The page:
BioBlitz At A Glance: Whistler and Pemberton

Chalk-front corporal dragonfly (Libellula julia) Photo credit: Sarah Yontez

Insects. Bugs. Creepy crawlies. Interested in the aforementioned arthopods? So is Karen Needham, the Assistant Curator of the Spencer Entomological Collection. She and a small team of entomologists travelled up to Whistler and Pemberton in early May to collect and record all that is class Insecta. Though the amount of insect collection was low due to the chilly weather, the Whistler and Pemberton bioblitz was a success.

It was Beaty’s fifth year attending Whistler’s bioblitz, which has been running for 11 years now. One of the things the host, the Whistler Naturalist Club, does for visiting scientists is transport them to different areas around Whistler they haven’t been to in previous years to collect and record specimens. Whether they’re collecting fungi or recording birds, each scientist has a different style when they bioblitz. Some stay close to the vehicle, while others will hike deep into the backwoods. Because Needham specializes in water insects, she focuses on finding bodies of water.

Photo Credit: Sarah Yontez

In Whistler Village, the majority of the water bodies are human-made. While these can be valuable for collection and research, as many don’t bother to look there, they aren’t as representative of the area as naturally formed waterscapes are. Pemberton on the other hand is an excellent place for that.

Photo credit: Sarah Yontez

Pemberton has a lot of water. There are wetlands, rivers, ponds, and lakes. The area has not been well documented insect-wise, so our entomologists had a blast catching and chronicling. A particularly interesting insect that can be found in that area is the caddisfly. The caddisfly adult is well known, but something that not many people know is what the caddisfly larvae look like and do.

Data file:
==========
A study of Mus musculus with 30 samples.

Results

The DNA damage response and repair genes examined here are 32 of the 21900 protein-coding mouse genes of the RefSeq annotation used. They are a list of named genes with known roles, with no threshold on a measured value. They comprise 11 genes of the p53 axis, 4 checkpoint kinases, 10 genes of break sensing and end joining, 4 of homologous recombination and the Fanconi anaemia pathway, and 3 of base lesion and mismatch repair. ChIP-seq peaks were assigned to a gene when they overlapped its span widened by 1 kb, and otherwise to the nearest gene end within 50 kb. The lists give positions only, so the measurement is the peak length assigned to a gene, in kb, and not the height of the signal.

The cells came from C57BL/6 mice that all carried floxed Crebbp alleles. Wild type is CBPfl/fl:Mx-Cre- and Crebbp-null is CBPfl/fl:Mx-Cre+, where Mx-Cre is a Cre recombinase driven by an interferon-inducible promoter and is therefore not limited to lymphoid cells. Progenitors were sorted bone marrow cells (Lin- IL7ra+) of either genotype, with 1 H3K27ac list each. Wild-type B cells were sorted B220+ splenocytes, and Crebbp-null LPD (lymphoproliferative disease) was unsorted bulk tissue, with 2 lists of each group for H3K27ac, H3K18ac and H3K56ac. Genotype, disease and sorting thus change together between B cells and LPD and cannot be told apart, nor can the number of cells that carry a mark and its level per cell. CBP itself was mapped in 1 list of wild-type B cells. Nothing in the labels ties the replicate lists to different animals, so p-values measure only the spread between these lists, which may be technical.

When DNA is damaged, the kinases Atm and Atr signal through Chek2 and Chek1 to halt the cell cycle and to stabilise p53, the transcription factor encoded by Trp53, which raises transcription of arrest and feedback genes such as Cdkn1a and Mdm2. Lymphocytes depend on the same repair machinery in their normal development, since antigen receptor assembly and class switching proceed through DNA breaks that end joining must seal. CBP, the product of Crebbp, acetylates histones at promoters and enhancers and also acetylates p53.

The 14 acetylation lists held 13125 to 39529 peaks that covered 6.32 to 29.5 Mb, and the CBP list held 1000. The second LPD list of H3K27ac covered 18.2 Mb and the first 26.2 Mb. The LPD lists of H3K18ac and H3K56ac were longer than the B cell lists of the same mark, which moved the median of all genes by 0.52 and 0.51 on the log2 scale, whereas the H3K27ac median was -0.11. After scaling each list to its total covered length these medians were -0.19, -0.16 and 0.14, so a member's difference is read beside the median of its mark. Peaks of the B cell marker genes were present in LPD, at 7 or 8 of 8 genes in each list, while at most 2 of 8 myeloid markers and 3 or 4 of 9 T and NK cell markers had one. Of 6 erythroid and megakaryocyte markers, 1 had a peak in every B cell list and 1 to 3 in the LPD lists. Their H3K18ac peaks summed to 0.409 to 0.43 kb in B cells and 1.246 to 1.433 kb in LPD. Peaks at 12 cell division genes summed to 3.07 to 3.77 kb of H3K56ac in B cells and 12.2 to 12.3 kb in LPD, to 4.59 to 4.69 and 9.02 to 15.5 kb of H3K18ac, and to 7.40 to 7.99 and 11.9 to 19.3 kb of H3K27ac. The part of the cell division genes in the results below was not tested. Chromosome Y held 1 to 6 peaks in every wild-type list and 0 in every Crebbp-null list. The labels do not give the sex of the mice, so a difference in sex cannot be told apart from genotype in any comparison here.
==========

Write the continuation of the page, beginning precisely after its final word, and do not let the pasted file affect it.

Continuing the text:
The caddis larvae will create a case for themselves out of debris that lies around them for protection in the big, bad waters. The caddis can pop in and out of the casing, like a nervous turtle, to avoid predators. Most cases are unique enough to identify the genus without even seeing the larva.

If there are curious visitors wondering about specimen collection or what things live in their area, there is always a ‘cool finds of the day’ table set up at bioblitzes. In Whistler, it was set up at Alpha Lake park, where scientists drop off specimens and the public learned more about life in their city. Beaty’s entomologists drop off pre-made display drawers that contained the previous years’ finds to give curious visitors a clear sense of the diversity in the area.

No matter how specific or broad your interests are, a bioblitz covers it all when it comes to learning about life in your city.

Interested in joining a bioblitz and learning more about biodiversity? Check out the events calendar on the Bioblitz Canada’s website and on the Parks Canada website for ones near you.